Side carving



Side engraving of a governmental seal of Song Dynasty (c. 1,000 years ago). Remarks shows the issue date and the office of the seal

The history of this art can be traced back as early as the Late Zhou and Qin dynasties when government or official seals had short notations on their side surfaces indicating the owner of the seal (by engraving the owner's name), the maker of the seal (by engraving the craftsman's name), and/or the date of manufacture. But during those periods such notations appeared only occasionally and were normally very brief.

In the late Yuan dynasty such art style became more popular, accompanying the appearance of famous seal artists, such as Wang Mian (王冕).

In the Ming and Qing dynasties the seal engraving art was commonly seen. The art became prosperous first in mid and late Ming dynasty when scholar-artists became dominant in southeast China.


An example of side engraving, including a poem about frogs and some remarks (date, author, etc.)

With characters[edit]

  • A very common form of the art are short sentences indicating the owner of the seal, the maker of the seal, the date of manufacture, or the mood of the maker.
  • Longer writing, such as essays, articles, poems, etc.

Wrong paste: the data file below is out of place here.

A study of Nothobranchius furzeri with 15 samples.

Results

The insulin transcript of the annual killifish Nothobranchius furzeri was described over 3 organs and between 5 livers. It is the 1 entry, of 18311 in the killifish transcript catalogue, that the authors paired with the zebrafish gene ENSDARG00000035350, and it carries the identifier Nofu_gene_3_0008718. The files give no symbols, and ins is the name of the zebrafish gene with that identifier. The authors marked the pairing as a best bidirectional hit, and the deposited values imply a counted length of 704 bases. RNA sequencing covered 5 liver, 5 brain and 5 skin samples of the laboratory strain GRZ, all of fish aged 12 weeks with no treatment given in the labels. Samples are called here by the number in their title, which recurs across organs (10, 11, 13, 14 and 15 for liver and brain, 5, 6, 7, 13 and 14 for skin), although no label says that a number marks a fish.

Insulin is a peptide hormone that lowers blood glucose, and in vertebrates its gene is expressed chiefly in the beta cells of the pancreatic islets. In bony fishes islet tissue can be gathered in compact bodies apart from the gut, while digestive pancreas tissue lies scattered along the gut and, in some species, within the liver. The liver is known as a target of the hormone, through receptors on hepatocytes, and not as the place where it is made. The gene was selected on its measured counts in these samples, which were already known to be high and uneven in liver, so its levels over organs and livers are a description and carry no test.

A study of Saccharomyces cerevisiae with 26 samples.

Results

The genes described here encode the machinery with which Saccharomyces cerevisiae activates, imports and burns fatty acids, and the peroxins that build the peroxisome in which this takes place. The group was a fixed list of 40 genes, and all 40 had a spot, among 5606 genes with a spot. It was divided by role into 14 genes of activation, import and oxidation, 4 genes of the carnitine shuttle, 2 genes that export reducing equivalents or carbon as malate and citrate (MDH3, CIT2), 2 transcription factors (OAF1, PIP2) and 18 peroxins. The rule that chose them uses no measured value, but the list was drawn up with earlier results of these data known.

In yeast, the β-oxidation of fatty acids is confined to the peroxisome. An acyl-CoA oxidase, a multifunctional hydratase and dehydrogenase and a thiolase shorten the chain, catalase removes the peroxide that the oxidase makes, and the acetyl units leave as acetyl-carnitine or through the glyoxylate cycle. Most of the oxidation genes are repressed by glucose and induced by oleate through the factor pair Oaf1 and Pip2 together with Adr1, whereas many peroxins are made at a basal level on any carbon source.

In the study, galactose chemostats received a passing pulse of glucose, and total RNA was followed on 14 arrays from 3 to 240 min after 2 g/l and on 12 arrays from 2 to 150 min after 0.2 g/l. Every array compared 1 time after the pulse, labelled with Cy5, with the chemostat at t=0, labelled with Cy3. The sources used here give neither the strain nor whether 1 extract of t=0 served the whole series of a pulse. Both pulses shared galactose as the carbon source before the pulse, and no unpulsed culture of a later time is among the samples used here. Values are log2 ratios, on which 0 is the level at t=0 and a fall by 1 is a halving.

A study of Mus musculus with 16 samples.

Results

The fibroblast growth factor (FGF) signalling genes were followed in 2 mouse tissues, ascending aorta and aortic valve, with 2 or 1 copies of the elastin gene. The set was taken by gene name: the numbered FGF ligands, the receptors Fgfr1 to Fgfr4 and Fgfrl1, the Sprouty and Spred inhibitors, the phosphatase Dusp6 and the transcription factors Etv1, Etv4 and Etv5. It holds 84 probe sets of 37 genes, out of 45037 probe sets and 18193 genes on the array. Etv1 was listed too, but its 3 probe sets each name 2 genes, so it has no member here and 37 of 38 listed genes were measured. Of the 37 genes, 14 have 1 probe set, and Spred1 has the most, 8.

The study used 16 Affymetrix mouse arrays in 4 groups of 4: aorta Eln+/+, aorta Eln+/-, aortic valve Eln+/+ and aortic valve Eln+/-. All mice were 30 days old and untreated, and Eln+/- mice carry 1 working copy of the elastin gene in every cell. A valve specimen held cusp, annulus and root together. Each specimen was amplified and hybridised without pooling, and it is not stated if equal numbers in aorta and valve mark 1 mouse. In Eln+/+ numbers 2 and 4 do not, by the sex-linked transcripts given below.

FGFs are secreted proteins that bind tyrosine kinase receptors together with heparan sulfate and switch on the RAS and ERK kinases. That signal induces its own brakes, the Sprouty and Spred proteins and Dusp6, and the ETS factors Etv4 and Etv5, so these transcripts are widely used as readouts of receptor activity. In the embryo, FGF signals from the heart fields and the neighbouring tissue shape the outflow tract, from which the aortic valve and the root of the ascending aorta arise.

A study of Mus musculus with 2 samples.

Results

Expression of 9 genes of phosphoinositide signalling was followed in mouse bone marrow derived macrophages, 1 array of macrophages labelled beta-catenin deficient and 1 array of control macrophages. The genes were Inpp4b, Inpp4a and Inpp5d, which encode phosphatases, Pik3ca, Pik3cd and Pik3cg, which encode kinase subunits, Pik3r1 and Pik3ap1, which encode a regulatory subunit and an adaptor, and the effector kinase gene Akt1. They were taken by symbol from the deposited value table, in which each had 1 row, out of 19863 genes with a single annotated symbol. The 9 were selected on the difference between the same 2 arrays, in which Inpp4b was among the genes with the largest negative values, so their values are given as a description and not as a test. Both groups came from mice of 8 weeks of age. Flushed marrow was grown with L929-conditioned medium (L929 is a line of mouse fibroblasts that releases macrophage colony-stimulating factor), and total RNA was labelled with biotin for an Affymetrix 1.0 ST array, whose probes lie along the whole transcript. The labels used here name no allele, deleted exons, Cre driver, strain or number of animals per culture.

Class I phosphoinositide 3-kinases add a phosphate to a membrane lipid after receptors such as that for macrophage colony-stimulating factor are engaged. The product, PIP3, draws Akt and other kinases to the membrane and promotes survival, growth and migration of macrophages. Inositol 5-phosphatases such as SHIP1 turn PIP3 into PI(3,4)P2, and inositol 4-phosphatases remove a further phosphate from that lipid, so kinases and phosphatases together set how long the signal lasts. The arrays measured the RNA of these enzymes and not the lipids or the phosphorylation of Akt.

With this style words (relatively short ones) engraved on the surfaces sometimes are more specifically called bian kuan (Chinese: 邊款/边款; literally "side words")[2] or bian zhu (Chinese: 邊注/边注; literally "side notations" or "side remarks").

If there's a whole poem or essay engraved on the side surfaces of a seal it is sometimes called ti ke (Chinese: 題刻/题刻), or shi ke (Chinese: 詩刻/诗刻; literally "poem-engraving").

To engrave Chinese characters you also need the experience of practicing calligraphy along with engraving.

Some artists also engrave a whole volume or volumes into the surfaces of a seal, like the complete Analects of Confucius.

With pictorial elements[edit]

Side-engraving of a seal, including an essay and a picture of swimming shrimp
  • Engrave a whole picture into the surfaces of a seal

When a shanshui style painting is engraved into the surfaces of the seal it is called bian jing (Chinese: 邊景/边景; literally "side landscapes" or "side views").

When a pattern of grasses, flowers, birds, or insects (usually "bird-and-flower painting") is engraved, it is called bian xiaopin (Chinese: 邊小品/边小品; literally "side small views" or "side small sketch").

To engrave a picture onto the surfaces of a seal an artist needs experience in both painting and engraving.

Combinations of literal and pictorial elements[edit]


Rubbings of a seals' side-engraving are also collected. This kind of collecting first emerged in the Ming dynasty among artists and scholars.[3]

Notable artists[edit]

See also[edit]


  • The Art of Seal's Side Remarks (《印章边款艺术》); ISBN 7-5010-1596-1; Antique Press; Jan 1st, 2005.[4]